Experimental Approaches to Evolution and Ecology using Yeast

EMBL Heidelberg, Germany Wednesday 17 October - Sunday 21 October 2012 Registration closed
Abstract submission closed

Status of event: Final Programme available online

Poster Sessions:

Thursday 18 October,.2012 Poster Session 1 12:05 – 13:30 Helix A (poster numbers 25 – 75)

Saturday 20 October,.2012 Poster Session 1 12:05 – 13:30 Helix B (poster numbers 76 - 116)

 

 

Why You Should Attend

The cellular and molecular basis of life is the outcome of a long process of evolution governed by variation and selection. Great advances in understanding how organisms work have been made in recent years, largely through the use of a few well-understood model systems such as yeast. Our understanding of evolution is much less complete, in part because of the less effective use of model systems to study variation and evolution.

The intention of this conference series is to explore the concept of using yeast as a model system in evolution and ecology, building on our deep understanding of its physiology and genetics, and taking advantage of sophisticated techniques to manipulate the yeast cell. The meetings will continue in the spirit of the EMBO workshop which preceded this series of conferences and the 1st Conference that we organized in 2010 in Heidelberg. Based on this experience and the responses from these previous events, we concentrate on four core issues in evolutionary biology, providing emphasis in all four areas on wetlab experimental approaches:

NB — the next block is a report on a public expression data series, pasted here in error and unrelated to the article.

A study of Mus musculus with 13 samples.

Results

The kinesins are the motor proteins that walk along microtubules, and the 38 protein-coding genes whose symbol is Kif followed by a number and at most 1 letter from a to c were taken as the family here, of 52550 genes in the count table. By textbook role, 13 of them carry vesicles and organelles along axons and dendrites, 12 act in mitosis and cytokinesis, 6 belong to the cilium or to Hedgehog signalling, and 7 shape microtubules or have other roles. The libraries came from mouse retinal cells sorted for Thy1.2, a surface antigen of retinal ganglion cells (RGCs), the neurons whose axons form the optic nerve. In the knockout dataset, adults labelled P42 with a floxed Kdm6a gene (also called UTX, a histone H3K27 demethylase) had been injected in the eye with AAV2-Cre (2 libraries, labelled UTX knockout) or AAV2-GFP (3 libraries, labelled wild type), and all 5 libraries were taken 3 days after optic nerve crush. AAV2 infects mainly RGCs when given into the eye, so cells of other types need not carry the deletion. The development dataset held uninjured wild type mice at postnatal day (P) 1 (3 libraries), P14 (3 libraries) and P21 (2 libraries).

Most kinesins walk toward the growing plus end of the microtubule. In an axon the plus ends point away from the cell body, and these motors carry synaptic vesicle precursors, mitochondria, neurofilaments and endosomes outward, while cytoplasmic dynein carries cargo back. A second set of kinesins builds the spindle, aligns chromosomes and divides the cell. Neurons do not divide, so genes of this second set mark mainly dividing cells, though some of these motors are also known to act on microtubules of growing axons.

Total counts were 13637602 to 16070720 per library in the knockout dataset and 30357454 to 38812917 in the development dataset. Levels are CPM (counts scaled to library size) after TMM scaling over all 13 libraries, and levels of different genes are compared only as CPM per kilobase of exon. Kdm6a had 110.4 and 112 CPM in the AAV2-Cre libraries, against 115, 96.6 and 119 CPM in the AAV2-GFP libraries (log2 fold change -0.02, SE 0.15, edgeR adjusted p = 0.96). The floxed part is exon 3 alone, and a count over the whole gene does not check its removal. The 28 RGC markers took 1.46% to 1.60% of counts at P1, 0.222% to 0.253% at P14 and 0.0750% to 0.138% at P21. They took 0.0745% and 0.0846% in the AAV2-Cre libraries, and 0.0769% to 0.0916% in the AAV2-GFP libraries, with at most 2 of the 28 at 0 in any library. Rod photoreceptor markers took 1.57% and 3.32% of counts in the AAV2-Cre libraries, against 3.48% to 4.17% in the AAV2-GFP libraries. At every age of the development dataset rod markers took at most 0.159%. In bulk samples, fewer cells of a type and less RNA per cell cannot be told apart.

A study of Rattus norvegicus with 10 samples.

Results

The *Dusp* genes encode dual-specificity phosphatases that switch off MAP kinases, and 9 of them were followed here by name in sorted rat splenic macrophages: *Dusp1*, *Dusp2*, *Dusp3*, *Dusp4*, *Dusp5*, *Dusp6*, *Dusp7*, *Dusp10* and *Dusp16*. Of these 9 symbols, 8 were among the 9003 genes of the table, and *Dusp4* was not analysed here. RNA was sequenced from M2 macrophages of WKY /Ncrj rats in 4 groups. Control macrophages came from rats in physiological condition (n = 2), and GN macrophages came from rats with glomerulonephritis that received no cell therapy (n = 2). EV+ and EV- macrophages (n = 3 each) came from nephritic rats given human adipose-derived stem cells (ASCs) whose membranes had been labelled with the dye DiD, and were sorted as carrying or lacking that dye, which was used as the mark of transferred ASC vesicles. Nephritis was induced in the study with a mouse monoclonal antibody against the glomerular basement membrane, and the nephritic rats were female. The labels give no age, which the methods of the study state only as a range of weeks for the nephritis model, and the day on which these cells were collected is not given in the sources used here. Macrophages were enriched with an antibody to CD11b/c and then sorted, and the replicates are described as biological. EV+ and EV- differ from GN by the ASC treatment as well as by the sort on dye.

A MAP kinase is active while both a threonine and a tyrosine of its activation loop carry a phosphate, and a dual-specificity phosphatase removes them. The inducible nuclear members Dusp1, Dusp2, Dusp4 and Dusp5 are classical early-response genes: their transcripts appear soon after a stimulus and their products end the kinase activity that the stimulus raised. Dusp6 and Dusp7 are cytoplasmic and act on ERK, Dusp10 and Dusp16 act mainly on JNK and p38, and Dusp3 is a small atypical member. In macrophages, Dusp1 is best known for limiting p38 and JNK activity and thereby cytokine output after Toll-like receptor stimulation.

• The first is the overall architecture of the genome and the major processes that have contributed to its evolution.
  • The second is the ecological and genetic structure of natural populations that forms the stage on which this evolution has taken place.
  • The third involves the mechanisms of selection that lead to adaptation, and in particular how these can be studied experimentally in the laboratory.
  • The fourth is the use of yeast to illuminate important problems in adaptation,especially the evolution of sex and mating systems.

The conference series will bring together scientists working in all of these areas to show how integrated research programs using yeast as a model could be as successful in ecology and evolution as they have been in cellular and molecular biology. To account for this, we will for the first time include two special sessions where we will discuss methodological issues relevant for different fields in order to stimulate a methodological exchange between the different disciplines.